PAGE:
Funeral Games

Not where the black coach of sorrow has taken you. Rest in peace, Vera Schenider.

On the day of the funeral the man stood, head bowed against the driving rain, watching water roll off the waxed canvas of his flat cap. A figure unmoving, as though cast in stone, a cigarette held lightly between first and middle finger. Were a passerby to glance casually at the sparse congregation gathered on that melancholy November day, the figure would have looked like any other statue in the graveyard. The church bells rang out, marking the occasion. Some glanced up at the bell tower silhouetted against the heavy clouds, but all turned to the party advancing towards them: four men dressed in black overcoats, shouldering a small coffin covered with wet flowers.


‘A troubled child’ the psychiatrist had described him to the grey haired man now looking concerned at the boy across the kitchen table, spectacles resting on the tip of his nose. He had married in his fifties when he inherited the farm and never became accustomed to it. His young wife was a stranger to him and their child an enigma. He had never bothered much with the child, but when the fever came and coaxed her away, he had sold the farm and moved to the town where the boy could go to school. It had become a routine for the young boy to sit every Saturday at the window of his attic bedroom, precariously perched on a tall, mahogany chair and watch out for funeral processions. His father worried that it was a morbid hobby for a ten-year-old. The psychiatrist had recommended that they moved away from the farm and the boy should have more company of his own age. Had the boy ever mentioned the games they played after school, he would have been even more concerned than he already was, by his curious and worrying interest in death. His chin resting on his upturned palm, the boy gazed out at the figures standing miserably in the rain. Pat O’ Donoghue, only twenty one years old trapped under a capsized boat. ‘Foolish young man’. The boy had overheard the conversation between his father and some women from the village. ‘Just too far out to sea!’ So many others had gone a similar way. Tommy O’ Neil, Jake Murphy, Kieran McCarthy. The boy recalled the names endlessly like a mantra. But today the boy saw the rain forming runnels along the side of the sodden path drowning the shining petals of buttercups. The slanting rain causing streaks of clean granite to be drawn across the dirt on neglected gravestones. He noticed how the six figures stumbled up the path, and thought it sad that the man’s last moments were in the hands of strangers.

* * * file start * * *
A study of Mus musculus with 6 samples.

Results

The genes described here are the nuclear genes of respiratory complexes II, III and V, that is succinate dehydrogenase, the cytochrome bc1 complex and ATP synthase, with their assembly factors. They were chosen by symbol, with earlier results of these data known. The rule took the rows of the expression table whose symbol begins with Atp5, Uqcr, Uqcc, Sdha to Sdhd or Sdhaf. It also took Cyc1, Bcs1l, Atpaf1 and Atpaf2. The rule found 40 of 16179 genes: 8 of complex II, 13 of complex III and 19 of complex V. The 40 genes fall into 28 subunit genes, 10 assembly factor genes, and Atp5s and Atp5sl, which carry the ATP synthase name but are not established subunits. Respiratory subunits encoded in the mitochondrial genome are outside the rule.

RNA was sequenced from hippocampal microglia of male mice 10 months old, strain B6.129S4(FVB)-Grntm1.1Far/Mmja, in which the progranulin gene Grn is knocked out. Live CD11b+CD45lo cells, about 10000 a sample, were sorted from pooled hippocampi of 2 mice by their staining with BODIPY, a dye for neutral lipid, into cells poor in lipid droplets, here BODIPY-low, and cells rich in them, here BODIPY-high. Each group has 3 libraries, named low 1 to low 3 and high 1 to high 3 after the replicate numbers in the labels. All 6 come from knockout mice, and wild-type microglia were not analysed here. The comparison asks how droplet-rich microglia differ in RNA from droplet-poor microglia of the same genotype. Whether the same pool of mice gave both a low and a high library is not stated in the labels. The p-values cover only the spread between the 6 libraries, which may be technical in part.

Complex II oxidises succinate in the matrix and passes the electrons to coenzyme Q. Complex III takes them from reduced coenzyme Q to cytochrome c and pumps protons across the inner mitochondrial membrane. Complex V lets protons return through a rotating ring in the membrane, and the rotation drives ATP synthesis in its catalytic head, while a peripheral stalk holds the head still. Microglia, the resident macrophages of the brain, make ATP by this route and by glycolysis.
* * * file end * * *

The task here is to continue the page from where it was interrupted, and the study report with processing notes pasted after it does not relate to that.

A November funeral. A man in his sixties with grey hair curling under his flat cap stands motionless; curiously disconnected. His gaunt face is gazing up at the one ray of sun forcing its way through the Celtic gloom. He lifts his hand and takes a laboured drag on his cigarette. And if the boy had been watching from his attic window, he would have seen his father’s lips curve upwards in a smile.